Genital warts are caused by an HPV type. HPV types are numbered. They are 40 HPV types. Some do cause genital warts and some cause abnormal cell changes of the cervix some HPV types can cause both. Genital warts usually occur on the external genital area. Your Pap smear is a collection of cells of the cervix. HPV is showing on the cervix. No cells are collected of the external vulva tissues when our doctor collects the cells of our cervix. The cell changes of CIN 1 and CIN 3 are caused by high risk HPV types. CIN 1 is mild cell changes and is not usually treated. CIN 3 is true pre-cancer cell changes and is treated due to the higher risk that these cell changes could progress. .
Your doctor may want to do a colposcope before any treatment taking a biopsy of the area that is CIN 3 this will confirm that the cell changes are true pre-cancer cell changes. Your doctor will recommend a treatment that will remove the cell changes. Removing the cell changes can prevent most all cervical cancers. Your doctor may go forward with the removal of the cells. Your doctor will recommend when he feels you need to have your next Pap test. Most doctors will follow a person with CIN 3 a bit closer for a year or two.
Low-grade squamous intraepithelial lesions (LSILs) are considered mild abnormalities caused by HPV infection. Low-grade means that there are early changes in the size and shape of cells. Intraepithelial refers to the layer of cells that forms the surface of the cervix. LSILs are sometimes classified as mild dysplasia. LSILs may also be classified as cervical intraepithelial neoplasia (CIN-1).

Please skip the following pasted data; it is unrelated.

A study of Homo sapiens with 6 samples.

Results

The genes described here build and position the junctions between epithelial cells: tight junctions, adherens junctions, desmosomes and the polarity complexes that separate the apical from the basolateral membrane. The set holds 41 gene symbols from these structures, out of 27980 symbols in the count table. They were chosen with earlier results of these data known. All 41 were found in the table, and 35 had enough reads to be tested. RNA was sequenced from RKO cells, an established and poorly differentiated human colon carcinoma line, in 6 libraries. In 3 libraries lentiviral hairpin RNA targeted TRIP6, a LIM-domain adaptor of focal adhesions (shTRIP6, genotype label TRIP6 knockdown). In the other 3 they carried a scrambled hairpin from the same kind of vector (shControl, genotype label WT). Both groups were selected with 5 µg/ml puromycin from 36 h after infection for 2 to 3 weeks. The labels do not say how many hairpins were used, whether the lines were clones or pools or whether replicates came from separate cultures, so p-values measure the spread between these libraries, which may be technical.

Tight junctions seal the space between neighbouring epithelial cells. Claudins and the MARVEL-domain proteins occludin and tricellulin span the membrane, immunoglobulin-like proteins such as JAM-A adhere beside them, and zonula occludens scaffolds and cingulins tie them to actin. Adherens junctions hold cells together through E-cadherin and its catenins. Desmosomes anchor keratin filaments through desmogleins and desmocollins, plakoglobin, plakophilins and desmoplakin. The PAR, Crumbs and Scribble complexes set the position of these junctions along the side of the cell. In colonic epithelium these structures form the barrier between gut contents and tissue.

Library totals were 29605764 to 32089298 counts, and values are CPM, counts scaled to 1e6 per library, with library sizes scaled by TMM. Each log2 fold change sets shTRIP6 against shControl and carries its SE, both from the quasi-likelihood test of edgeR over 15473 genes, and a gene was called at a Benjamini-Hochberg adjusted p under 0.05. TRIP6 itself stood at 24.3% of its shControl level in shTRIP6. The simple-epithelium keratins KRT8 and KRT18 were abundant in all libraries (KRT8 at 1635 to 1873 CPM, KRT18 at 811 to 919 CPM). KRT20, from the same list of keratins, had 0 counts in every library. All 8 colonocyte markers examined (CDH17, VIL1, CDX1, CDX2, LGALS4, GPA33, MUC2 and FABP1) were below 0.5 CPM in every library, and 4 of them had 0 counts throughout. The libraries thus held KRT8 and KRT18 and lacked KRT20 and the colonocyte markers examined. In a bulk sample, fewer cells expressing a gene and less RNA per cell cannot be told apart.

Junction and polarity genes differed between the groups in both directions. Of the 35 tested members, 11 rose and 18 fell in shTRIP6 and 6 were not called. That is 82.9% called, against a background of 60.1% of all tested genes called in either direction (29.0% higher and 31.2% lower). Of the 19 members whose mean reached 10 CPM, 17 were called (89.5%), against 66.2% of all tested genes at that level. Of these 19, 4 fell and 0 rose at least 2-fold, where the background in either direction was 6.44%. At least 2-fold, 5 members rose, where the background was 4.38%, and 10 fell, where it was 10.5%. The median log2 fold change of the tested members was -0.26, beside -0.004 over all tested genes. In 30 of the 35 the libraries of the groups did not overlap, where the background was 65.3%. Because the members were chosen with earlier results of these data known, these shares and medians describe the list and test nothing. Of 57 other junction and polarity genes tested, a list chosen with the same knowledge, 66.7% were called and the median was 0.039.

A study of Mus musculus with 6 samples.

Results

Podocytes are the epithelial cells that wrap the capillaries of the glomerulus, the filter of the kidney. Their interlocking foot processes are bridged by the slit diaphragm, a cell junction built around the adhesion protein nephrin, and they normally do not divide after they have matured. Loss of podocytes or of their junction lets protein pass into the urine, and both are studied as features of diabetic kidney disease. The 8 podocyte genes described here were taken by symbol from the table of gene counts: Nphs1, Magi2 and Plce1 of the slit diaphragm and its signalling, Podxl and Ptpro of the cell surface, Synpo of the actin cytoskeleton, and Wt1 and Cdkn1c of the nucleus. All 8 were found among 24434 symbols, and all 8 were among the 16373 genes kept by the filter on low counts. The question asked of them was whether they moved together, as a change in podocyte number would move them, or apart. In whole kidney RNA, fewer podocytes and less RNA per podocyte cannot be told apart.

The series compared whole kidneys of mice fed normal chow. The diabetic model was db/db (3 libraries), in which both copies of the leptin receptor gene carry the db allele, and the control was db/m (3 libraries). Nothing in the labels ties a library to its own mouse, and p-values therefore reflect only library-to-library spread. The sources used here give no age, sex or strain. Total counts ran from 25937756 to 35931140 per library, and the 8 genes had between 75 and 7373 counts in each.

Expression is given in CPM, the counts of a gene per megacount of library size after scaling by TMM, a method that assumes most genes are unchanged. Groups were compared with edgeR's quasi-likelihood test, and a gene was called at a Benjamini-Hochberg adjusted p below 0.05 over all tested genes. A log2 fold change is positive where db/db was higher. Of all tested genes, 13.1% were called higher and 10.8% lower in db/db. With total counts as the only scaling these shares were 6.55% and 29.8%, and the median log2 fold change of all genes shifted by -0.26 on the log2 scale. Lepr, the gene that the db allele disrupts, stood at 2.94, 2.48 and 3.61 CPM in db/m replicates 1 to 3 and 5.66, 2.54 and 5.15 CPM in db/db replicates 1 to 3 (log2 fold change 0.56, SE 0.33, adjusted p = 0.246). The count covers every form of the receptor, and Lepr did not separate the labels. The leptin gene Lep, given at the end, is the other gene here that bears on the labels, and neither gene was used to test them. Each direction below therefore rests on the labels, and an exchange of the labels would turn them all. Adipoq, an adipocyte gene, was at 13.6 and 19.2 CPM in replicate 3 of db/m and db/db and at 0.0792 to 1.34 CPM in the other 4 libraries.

High-grade squamous intraepithelial lesions (HSILs) are more severe abnormalities that have a higher likelihood of progressing to cancer if left untreated. High-grade means that there are more evident changes in the size and shape of the abnormal (precancerous) cells and that the cells look very different from normal cells. HSILs include lesions with moderate or severe dysplasia and carcinoma in situ (CIS). HSIL lesions are sometimes classified as CIN-2, CIN-3, or CIN-2/3. CIS is commonly included in the CIN-3 category
Understanding cervical cell changes
Most HPV lesions eventually resolve due to a host immune response to the virus. This is particularly true for genital warts and CIN1 because neither are truly precancer. Even approximately 40-50% of CIN2 will resolve spontaneously. CIN3 is considered a true cancer precursor, although some CIN3 may also resolve secondary to an immune mediated regression.